Abstract 4016: Impact of Gender and Age in Patients Undergoing Percutaneous Coronary Intervention: Insights from the DEScover Registry
Background: The impact of gender and age on percutaneous coronary intervention (PCI) outcomes has yielded conflicting results; however, these studies focused on in-hospital outcomes only, small cohorts, or did not represent current practice patterns. We hypothesized that no difference in post-PCI outcomes existed by gender within a similar age range.
Methods: DEScover, a prospective multi-center PCI registry, enrolled 7752 consecutive patients at 140 centers from 12/04 - 6/05. Baseline and clinical data in addition to outcomes were collected during the index hospitalization and at 6 months. Outcomes were stratified by both age and gender (<55 [n=1757; 24% female], ≥55-<64 [n=1966; 26% female], ≥64-<75 [n=2313; 34% female], and ≥75 [n=1565; 44% female]).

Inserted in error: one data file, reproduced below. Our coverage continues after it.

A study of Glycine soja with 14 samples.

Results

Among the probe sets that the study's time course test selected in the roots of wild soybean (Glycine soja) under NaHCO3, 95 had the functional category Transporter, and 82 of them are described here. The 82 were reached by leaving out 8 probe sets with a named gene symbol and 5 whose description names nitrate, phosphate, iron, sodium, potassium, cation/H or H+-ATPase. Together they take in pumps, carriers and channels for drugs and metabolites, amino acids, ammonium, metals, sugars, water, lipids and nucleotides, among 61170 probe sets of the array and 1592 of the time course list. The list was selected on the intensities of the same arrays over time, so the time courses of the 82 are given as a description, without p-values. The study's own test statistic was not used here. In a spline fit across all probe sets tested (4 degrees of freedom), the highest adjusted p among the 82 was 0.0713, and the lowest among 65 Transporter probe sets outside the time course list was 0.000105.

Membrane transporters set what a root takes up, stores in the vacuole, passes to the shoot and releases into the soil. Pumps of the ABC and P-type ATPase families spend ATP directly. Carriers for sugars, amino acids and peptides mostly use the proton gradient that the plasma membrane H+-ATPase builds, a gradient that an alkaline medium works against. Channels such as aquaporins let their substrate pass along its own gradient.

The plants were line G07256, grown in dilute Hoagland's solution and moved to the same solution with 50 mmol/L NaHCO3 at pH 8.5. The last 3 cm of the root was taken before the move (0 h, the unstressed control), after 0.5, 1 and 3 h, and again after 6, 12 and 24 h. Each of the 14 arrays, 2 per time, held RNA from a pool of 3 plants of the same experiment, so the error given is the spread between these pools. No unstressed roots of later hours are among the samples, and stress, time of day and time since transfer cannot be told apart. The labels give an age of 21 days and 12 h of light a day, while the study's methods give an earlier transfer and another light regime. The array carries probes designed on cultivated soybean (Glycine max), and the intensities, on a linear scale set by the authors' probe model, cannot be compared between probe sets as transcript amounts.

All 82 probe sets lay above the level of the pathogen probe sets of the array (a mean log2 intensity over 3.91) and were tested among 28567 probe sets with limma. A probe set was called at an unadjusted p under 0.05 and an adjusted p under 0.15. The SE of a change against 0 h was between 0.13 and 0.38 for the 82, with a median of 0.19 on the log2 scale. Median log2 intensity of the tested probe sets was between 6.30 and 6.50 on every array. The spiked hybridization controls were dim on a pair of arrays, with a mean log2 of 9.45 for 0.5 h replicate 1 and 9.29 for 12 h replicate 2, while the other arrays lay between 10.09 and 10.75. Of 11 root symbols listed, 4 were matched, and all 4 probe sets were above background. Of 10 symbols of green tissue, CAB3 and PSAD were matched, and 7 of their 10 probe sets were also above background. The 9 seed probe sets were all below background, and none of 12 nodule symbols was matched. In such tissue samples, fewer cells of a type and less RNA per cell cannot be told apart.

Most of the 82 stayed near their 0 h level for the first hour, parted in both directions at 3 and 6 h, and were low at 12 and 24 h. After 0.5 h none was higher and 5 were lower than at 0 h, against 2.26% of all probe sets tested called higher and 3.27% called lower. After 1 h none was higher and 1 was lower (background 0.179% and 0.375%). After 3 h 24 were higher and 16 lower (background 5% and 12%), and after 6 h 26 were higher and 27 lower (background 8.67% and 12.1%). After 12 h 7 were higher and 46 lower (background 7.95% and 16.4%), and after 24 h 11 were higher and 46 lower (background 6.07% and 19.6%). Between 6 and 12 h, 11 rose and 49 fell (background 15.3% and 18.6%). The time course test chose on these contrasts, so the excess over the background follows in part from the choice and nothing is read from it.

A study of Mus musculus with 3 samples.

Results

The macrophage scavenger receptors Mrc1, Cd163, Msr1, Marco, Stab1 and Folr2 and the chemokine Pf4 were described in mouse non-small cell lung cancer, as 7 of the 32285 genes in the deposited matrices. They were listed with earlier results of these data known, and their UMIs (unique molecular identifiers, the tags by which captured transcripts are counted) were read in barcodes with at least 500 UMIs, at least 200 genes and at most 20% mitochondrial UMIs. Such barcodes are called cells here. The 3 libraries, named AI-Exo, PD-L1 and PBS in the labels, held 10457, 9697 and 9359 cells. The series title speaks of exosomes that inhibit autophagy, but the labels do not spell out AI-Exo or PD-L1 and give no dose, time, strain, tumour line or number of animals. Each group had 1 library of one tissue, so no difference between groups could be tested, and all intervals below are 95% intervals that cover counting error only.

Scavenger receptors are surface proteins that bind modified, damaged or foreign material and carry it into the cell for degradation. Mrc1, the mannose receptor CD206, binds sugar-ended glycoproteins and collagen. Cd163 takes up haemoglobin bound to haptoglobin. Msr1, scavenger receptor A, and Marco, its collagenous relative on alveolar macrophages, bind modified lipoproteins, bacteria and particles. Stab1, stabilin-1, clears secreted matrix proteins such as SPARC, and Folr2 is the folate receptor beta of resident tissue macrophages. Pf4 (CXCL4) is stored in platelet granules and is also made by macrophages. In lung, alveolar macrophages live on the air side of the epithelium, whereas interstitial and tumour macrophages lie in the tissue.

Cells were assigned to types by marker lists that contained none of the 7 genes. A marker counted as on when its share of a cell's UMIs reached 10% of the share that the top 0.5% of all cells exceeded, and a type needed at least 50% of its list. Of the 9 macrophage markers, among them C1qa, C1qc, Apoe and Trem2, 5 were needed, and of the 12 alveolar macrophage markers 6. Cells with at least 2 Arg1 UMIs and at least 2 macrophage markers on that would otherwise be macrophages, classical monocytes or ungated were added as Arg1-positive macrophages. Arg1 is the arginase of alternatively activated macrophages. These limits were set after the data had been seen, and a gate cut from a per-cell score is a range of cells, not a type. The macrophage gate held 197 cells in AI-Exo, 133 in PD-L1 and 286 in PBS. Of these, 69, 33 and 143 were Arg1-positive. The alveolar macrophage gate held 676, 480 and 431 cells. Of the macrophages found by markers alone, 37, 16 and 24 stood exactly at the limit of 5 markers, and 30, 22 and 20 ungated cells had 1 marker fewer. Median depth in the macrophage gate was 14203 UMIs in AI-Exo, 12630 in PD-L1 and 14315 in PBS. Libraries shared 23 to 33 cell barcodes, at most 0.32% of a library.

Results: In the <55 group, females more likely had heart failure, diabetes, stroke, peripheral vascular disease, and a higher body mass index (all p≤0.05). These disparities were no longer present in the ≥75 group. In the ≥75 group, females were less likely to have had prior revascularization (p=0.01) and more often presented with acute myocardial infarction (p=0.004) and under non-elective circumstances (p=0.01). There were no differences in stent type use by cohort. Six month adjusted hazard ratios are listed in the table below with males as the reference group.
Conclusion: Although a varied clinical profile existed by both gender and age, there was no difference in major adverse events as a composite or individually according to gender within each age group. In this contemporary analysis of PCI outcomes, no significant differences in adverse clinical events were observed when comparing gender by age strata.